COLUMBIA — In his most recent court filing, former Columbia Police Officer Rob Sanders argues his use of force against a prisoner in August 2011 "exactly" reflected his training for the situation.
The reply memorandum, filed in Cole County Circuit Court in Sanders' bid to be reinstated to the Columbia Police Department, came three weeks after the City of Columbia released City Manager Mike Matthes' reasons for upholding Sanders' firing. The former officer and his attorney, Scott Jansen, claim Sanders' treatment of Kenneth Baker complied with training and that the city ordinance that addresses handling of prisoners is "unconstitutionally vague."
Sanders was fired in September 2011 after he shoved Baker into the wall of a holding cell. Baker suffered a fractured vertebra.
Although an internal affairs investigation cleared Sanders of wrongdoing, Police Chief Ken Burton fired him. City Manager Mike Matthes upheld the firing, and Sanders filed for judicial review of his dismissal.
Sanders was acquitted of a third-degree assault charge.
The filing argues the police department established procedures for using force, including specific instructions on dealing with prisoners banging on a cell door, as Baker was doing. The former police officer followed the established directives when he entered Baker's cell. He claims that despite following procedure, he was fired partially because of the "vague and ambiguous" nature of the ordinance.
Calls to Matthes, Burton, Sanders' attorney and the city's attorney were not returned.
According to the ordinance, "Abusive or improper treatment of a client, prisoner, citizen or other individual in the community or on the city payroll" is "just cause for suspension or discharge."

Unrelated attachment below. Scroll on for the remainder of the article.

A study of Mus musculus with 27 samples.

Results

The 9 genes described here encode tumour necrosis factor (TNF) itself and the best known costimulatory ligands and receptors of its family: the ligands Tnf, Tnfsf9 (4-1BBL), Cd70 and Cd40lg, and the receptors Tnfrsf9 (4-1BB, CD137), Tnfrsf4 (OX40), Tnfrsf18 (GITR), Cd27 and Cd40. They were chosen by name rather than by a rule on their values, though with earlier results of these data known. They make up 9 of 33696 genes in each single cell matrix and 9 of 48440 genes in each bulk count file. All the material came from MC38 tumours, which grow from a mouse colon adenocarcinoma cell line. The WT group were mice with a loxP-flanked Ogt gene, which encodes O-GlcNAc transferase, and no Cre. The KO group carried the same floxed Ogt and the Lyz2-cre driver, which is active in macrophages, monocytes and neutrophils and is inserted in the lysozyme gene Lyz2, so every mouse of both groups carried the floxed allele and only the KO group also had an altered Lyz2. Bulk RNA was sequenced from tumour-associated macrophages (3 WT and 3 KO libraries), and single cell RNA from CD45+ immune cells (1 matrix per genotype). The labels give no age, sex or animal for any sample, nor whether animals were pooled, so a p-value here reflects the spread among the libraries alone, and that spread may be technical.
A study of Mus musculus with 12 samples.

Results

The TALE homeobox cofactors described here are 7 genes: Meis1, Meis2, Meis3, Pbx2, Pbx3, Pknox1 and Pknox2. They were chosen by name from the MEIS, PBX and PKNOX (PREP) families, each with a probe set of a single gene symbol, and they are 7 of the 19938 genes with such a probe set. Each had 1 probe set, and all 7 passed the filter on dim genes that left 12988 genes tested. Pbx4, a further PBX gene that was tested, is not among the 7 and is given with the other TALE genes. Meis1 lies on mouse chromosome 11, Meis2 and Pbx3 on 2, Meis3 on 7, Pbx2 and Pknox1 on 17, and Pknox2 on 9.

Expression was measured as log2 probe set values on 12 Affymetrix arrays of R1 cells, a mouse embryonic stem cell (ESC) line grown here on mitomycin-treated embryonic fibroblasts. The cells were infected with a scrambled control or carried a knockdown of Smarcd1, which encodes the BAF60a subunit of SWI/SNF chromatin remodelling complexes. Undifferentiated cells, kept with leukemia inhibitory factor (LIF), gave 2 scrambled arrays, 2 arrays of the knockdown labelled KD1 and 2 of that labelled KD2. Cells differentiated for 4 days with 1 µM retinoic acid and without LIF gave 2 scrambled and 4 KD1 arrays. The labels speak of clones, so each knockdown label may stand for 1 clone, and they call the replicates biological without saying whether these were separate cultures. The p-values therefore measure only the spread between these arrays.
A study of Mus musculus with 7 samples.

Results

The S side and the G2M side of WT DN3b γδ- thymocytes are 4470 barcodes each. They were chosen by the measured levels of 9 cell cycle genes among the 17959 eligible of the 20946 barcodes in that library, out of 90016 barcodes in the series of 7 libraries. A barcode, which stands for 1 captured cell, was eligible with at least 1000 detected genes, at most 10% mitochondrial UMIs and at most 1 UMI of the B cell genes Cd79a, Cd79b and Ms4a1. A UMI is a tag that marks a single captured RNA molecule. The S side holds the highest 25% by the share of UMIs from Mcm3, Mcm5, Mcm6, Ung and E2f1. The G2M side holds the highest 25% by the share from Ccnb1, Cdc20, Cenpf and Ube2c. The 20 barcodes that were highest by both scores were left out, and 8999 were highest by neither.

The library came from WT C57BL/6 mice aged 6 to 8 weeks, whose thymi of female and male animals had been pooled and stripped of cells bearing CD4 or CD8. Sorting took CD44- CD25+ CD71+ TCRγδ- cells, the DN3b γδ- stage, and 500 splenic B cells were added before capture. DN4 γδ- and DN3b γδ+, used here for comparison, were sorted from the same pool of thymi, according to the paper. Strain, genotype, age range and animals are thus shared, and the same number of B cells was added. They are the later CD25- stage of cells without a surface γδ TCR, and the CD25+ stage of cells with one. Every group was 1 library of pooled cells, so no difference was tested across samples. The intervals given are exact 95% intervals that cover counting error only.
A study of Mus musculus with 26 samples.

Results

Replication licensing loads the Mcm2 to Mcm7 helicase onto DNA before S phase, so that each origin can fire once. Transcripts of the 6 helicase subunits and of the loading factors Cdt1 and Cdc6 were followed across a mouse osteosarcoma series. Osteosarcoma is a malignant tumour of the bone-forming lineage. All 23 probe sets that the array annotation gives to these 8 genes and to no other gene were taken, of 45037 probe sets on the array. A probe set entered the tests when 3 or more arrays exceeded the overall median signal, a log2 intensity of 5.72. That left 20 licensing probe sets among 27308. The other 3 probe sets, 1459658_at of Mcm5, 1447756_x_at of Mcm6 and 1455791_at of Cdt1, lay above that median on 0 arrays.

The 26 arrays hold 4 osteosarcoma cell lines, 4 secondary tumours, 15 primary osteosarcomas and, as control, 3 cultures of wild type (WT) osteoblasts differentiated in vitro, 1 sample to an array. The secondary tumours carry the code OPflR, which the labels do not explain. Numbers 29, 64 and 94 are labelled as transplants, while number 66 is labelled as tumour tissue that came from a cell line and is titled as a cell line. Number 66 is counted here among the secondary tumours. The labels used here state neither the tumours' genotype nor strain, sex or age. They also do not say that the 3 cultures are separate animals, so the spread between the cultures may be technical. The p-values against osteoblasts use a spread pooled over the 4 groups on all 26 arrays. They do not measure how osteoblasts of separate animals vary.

The standard for what qualifies as "abusive or improper" treatment can be understood through common sense and is not "so unclear that (persons) of common intelligence must guess at its meaning," according to a brief filed earlier by the city. But because of the conflict between the police department's training and the city ordinance, the brief argues that a "reasonable officer" cannot be sure what constitutes improper treatment of a prisoner.
In the case of Baker, the brief says the prisoner "had a propensity to resist and assault officers." Baker was intoxicated and had to be pepper-sprayed after he fought with officers, according to previous Missourian reporting. Baker was being arrested for two outstanding felony warrants.
As Baker had resisted arrest initially and had started banging on the cell door, Jansen says in the filing that "force was expected and required" to cuff the prisoner to a ring in the floor. Sanders was "tasked with putting him on the ring," and it wasn't possible for him to subdue Baker any other way, as the city has argued, according to Sanders' filing.
Burton disagreed. In a previous brief filed by the city, Burton said Sanders' use of force was "retaliatory, unnecessary and unreasonable." Matthes agreed, outlining almost 30 points in his brief that supported Burton's assessment.
After Sanders shoved Baker into the wall, he turned to the other officers present and said, "Let's just say that (Baker) lost round two ... Yeah, he's gonna have to go to the hospital," according to the released brief that details Matthes' reasons for upholding the firing.
That statement has taken on two meanings. While both sides agree Sanders said Baker had lost "round two," the city cites it as evidence of malicious intent toward Baker by Sanders. Matthes' filing says the force used was in part retaliation for threats Baker made to the officers.
Sanders argues the comment was made sarcastically and under stress and that it has been taken as a "'smoking gun' of malice," used in part to fire Sanders after negative media attention to the incident.
The city manager's filing also cites as further evidence of Sanders' malicious intent in the fact that he hid in the corridor outside Baker's cell, waiting for him to bang on the cell again before entering the cell and shoving him.
Sanders served as a police officer for 17 1/2 years. During his career, Sanders was cited for sexual harassment, reckless driving and cursing at residents, among other violations.
Supervising editor is Katherine Reed.